Voters get to vote on retaining Judges in the State Court of Appeals and the State Supreme Court. But there is a dearth of information to make an "informed" decision. I can easily ascertain the candidate's nominating Governor or where the candidate went to school. But these facts rarely help me make an "informed" choice.

I dislike academia and an emphasis on degrees. I value civil liberties, separation of church and state, privacy, free speech, private property rights, and third party politics. Should I not waste my time when more information is not readily available? Or can someone give me a suggestion of where to turn for guidance?

  • I think it's a fair question, but I'n not sure if this is narrow enough in scope. So many factors can play a role in making a decision. Perhaps it's better to ask for resources comparing the candidates? For example, the media may have published an article comparing the candidates (like they would have with other elections).
    – JJJ
    Commented Oct 14, 2018 at 15:47
  • Many judicial races are not selected by choosing one among two or more candidates. The ballot tells the voter to vote "yes" or "no" on each judge for retention. This is why a comparison may not be enough or relevant. But I would not mind seeing a comparison. The comparisons I have seen are very light in facts that I would consider meaningful.
    – William
    Commented Oct 14, 2018 at 17:23
  • 1
    This is an excellent question, but unsuited to the SE format. There's no single, objective answer. For example, I tend to use ballotpedia, votersedge, and just Google for these purposes, but there's not really an argument that that's the "right" answer.
    – Publius
    Commented Oct 14, 2018 at 18:12
  • 2
    That's also a fine place to look. But, particularly for lower level judges, they may not have a lot of published opinions, or Phillip may not have the time or resources to look them up. Additionally, some relevant factors may not be apparent from opinions. For example, one southern California judge remarked at argument that women can't actually be forcibly raped; he was officially reprimanded for this remark. Reading the opinions is a great way to go about research, but it's not the singular objectively correct approach.
    – Publius
    Commented Oct 14, 2018 at 18:20
    – 1006a
    Commented Oct 15, 2018 at 7:26

2 Answers 2


Use Ballotpedia, and type in your address or district. It'll show who's running, and provide some useful background, and even estimations of political leanings. For example, going there and inputting CA for location shows what's on the ballot in California.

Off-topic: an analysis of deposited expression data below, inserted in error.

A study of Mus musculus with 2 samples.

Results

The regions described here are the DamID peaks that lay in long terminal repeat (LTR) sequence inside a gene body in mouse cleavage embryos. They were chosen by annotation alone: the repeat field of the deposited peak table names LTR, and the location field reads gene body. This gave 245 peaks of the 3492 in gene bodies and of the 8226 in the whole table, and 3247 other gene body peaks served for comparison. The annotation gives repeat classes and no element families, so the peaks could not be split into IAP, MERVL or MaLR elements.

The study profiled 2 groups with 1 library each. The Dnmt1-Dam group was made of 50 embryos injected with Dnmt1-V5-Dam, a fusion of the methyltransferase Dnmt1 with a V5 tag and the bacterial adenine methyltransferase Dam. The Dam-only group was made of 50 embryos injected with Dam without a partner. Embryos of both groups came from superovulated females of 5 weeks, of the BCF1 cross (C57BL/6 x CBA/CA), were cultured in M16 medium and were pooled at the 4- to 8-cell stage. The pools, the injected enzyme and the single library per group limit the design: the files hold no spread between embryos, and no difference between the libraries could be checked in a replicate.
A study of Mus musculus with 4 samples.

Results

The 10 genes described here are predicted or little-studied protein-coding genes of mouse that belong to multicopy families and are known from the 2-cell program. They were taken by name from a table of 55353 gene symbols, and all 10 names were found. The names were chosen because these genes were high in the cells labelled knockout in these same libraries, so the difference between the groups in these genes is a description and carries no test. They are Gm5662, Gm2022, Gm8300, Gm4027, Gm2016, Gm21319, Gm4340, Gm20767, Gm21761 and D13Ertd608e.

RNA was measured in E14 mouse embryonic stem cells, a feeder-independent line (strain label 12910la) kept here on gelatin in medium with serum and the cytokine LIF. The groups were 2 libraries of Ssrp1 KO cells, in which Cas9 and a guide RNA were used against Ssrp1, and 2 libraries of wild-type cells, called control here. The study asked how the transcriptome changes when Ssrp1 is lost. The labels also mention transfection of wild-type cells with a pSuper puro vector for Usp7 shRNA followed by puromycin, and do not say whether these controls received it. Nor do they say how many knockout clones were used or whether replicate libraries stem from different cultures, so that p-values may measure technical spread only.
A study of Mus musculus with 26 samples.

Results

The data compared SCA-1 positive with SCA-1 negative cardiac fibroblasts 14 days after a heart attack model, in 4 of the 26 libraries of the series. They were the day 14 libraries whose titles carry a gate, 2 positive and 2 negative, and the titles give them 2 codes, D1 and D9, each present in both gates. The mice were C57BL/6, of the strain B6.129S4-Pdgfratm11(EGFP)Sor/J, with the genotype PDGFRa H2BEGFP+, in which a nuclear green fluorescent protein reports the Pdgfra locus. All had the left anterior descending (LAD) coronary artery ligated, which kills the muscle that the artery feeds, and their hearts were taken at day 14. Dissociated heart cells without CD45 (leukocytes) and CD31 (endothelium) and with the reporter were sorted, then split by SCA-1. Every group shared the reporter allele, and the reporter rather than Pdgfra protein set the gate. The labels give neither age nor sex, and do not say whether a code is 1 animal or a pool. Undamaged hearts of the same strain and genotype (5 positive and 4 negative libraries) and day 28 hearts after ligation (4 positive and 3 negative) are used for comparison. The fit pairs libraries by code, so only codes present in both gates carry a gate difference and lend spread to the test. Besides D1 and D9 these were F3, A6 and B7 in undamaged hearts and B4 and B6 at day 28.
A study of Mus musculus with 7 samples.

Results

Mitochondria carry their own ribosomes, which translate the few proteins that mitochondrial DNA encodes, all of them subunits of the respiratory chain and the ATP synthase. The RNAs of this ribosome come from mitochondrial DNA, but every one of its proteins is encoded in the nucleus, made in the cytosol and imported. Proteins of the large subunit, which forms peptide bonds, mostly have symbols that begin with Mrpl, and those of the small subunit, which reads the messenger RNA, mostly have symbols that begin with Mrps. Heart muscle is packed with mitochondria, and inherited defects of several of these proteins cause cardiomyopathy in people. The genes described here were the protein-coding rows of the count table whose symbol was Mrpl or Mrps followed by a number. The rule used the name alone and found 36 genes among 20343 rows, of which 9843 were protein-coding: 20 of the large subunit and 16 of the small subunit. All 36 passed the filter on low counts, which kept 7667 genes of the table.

Halfway down the resulting list are the judges. Go to the header California Supreme Court elections, 2018 and then click on Carol Corrigan. It returns various background stats, (e.g. Corrigan was appointed by Schwarzenegger), and under Political Ideology offers this estimate:

...Corrigan received a campaign finance score of 0.55, indicating a conservative ideological leaning. This was more conservative than the average score of -0.32 that justices received in California...

There's other data there as well, and often useful links. Repeat as needed per candidate.

  • But this only works if the poster's stances fall nicely along party/ideological lines. In this case, the poster seems to be explicitly suggesting that private property rights (conservative) and civil liberties (usually a liberal term) are both important. But this example shows a judge who is imperfectly conservative. That could mean against private property rights and civil liberties, for both, or some mixture. By squashing everything into one statistic, this source has removed the useful information for anyone with heterodox views not easily categorized as liberal or conservative.
    – Brythan
    Commented Oct 15, 2018 at 1:56
  • @Brythan, You're right, many entries are not as thorough as might be hoped, but on the other hand if a voter has never heard of Judge Corrigan, it tells quite a lot about her, and offers a few leads. For retention elections like CA, a very conservative voter might compare the judges available for retention, and weigh those judges against the sort of judges the current governor would be likely to appoint if an incumbent judge is not retained. Given that it's CA, a conservative might prefer Schwarzenegger appointee Corrigan to virtually any Newsom appointee.
    – agc
    Commented Oct 15, 2018 at 2:15
  • @Brythan My guess is the OP leans towards Classical Liberalism or philosophical Libertarianism (as opposed to the Libertarian Party).
    – holaymolay
    Commented Oct 16, 2018 at 16:56

I value civil liberties, separation of church and state, privacy, free speech, private property rights, and third party politics. Should I not waste my time when more information is not readily available?

The information is readily available, though does require substantial research. You can invest time at the law library at the college or university nearest to you and read the opinions of the specific judges in cases pertaining to the subject matters that you listed. Then make your decision.